NEW YORK — He was only trying to protest the Vietnam War and follow a creed of nonviolent resistance. But after he was gang-raped 50 times in the Washington, D.C., jail, Stephen Donaldson started a war of his own.
It all began on a hot August afternoon in 1973, when he was arrested at a White House pray-in. For reasons of conscience, the Quaker activist refused to post $10 bail and was placed in a cell with other first-time offenders.
Then, without warning, he was sent to a wing with hardened criminals.
Told that some inmates wanted to meet him, Donaldson went to their cell. Within seconds, the men beat him savagely, tore off his clothes and repeatedly assaulted him. He managed to escape two days later, and only after his attackers whispered that a guard was coming down the hall.
Like thousands before him, Donaldson was physically and emotionally traumatized by prison rape. It would take him years to recover. Unlike most victims, however, he was determined to speak out against a crime that has reached epidemic proportions in some U.S. prisons--and is rarely discussed.
"I couldn't pretend it never happened," he says. "Some prison officials figure people will keep quiet, and I'm convinced the D.C. jail set me up, to teach me a political lesson. But they miscalculated with me. I was just beginning to fight back, and I'm still fighting."
Today, Donaldson is president of Stop Prison Rape, the only national advocacy group focused solely on the problem. He debates the issue in public forums and helped draft a friend of the court brief in Farmer vs. Brennan, a watershed prison rape case awaiting a Supreme Court decision.
Next week, he's scheduled to testify in a hearing on prison rape before the Massachusetts Legislature, and he'll deliver a shocking estimate: Based on several decades of studies, Donaldson says, there are more than a quarter-million sexual assaults on inmates each year in American correctional facilities.
Across the nation, a handful of prosecutors, attorneys, psychologists, religious leaders and politicians are trying to root out a cancer that is deeply ingrained in the criminal justice system, yet traditionally rouses little concern. Indeed, at a time when anger over crime is escalating, many find it hard to feel compassion for men who are abused behind bars.
Arlen Specter, a Pennsylvania Republican and member of the U.S. Senate Judiciary Committee, says society pays a heavy price for such attitudes: "We ignore this prison-rape problem at our peril, because there is a great potential for these victims to commit worse crimes when they get out of jail. For anyone who cares about safety, it's a matter of common sense as well as compassion."
Specter speaks from experience; he was district attorney of Philadelphia in 1968 when a pioneering study was done of prison rape in that city's jail system. The conclusions were devastating: Nearly 1,000 men were raped each year in custody, and there were no programs to control the violence.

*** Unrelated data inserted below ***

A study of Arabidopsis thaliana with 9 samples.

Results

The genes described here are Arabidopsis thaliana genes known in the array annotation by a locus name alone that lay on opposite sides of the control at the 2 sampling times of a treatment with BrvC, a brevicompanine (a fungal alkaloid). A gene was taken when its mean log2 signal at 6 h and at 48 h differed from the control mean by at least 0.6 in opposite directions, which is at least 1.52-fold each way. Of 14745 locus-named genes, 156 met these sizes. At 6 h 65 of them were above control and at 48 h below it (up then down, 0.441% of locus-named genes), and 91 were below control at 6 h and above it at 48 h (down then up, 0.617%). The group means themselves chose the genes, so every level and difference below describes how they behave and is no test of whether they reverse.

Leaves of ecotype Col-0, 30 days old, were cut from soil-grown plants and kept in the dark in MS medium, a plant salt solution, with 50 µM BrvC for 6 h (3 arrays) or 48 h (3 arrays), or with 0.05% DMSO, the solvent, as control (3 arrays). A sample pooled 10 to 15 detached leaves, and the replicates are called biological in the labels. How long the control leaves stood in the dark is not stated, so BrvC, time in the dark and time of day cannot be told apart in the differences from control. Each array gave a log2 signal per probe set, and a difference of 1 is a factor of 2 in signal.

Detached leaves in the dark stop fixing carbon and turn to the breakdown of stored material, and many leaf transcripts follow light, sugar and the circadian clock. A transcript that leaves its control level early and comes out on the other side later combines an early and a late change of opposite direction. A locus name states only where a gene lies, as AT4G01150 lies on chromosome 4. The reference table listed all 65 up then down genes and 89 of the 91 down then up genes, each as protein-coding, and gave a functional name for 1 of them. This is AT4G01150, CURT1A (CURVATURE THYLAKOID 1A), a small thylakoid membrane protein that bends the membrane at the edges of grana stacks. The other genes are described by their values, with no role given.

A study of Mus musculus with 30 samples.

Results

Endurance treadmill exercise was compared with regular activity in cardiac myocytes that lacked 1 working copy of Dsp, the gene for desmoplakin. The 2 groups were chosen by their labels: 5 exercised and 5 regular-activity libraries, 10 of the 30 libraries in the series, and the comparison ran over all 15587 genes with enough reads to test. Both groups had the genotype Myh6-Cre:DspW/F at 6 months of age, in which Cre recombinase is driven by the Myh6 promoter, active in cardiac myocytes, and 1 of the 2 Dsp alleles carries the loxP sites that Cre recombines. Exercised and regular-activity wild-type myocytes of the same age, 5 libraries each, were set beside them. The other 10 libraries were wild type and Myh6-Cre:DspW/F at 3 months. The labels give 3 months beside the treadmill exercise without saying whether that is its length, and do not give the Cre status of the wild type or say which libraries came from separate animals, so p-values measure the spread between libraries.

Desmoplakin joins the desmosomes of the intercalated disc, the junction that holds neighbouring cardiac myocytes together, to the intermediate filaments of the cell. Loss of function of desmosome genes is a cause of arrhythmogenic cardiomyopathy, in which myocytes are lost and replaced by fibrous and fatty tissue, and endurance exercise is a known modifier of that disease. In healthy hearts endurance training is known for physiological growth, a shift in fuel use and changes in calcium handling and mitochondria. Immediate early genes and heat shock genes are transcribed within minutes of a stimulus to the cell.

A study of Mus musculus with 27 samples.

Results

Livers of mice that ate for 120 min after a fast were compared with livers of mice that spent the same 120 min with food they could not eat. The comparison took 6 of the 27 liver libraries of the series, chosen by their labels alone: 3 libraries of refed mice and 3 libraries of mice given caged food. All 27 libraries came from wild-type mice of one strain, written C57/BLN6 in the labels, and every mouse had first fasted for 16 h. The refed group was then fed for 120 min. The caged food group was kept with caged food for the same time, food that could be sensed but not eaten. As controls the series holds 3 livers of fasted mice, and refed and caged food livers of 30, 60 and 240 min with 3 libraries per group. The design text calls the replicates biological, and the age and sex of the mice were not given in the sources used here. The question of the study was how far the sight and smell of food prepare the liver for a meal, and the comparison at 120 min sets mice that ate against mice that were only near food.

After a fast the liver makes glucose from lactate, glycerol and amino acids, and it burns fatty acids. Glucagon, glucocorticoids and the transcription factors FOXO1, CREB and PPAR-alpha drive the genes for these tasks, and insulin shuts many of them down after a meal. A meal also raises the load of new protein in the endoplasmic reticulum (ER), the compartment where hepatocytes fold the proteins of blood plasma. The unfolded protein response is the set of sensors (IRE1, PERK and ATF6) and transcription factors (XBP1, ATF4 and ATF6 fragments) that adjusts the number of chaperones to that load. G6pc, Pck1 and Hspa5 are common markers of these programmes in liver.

Since then, studies in other states have found similar horrors, as well as evidence that many inmates are coerced into long-term sexual "coupling" with stronger prisoners simply to ward off the possibility of repeated gang rapes.
But there has been little national response. Meanwhile, AIDS is spreading rapidly in prisons and jails. In 1989, there were 14.65 AIDS cases per 100,000 in the general population, but the rate for state and federal prisons was 202 cases per 100,000, according to the Bureau of Justice Statistics.
Only Vermont and Mississippi provide condoms to inmates who request them, as do jails in Philadelphia, San Francisco and New York City. Nationwide, there are an estimated 50,000 prisoners infected with HIV and the numbers are growing each year, says Nancy Mahon, director of the New York-based AIDS in Prison Project. There are few HIV counseling programs for those in custody.
"This is a powder keg waiting to explode," she says. "As we put more people in jail, you have to wonder about the medical consequences, and AIDS is one of them. If you put a kid in jail for petty theft and then he gets raped, there's a whole downward cycle for him. And HIV could be the final insult."
It's a nightmare without end for victims, and every so often a gruesome prison rape story finds its way into the media. Then it's forgotten.
Several days after his trauma, Donaldson held a news conference in Washington and later appeared on talk shows. He was the first American to personally describe such sexual terror, and he hoped reforms would follow. By year's end, however, his story had faded from view.
"The public indifference on this is staggering," Donaldson says. "And it's harder for someone like me, because the trauma continues to haunt you. You can be tormented by this. So often, there's just nowhere to turn."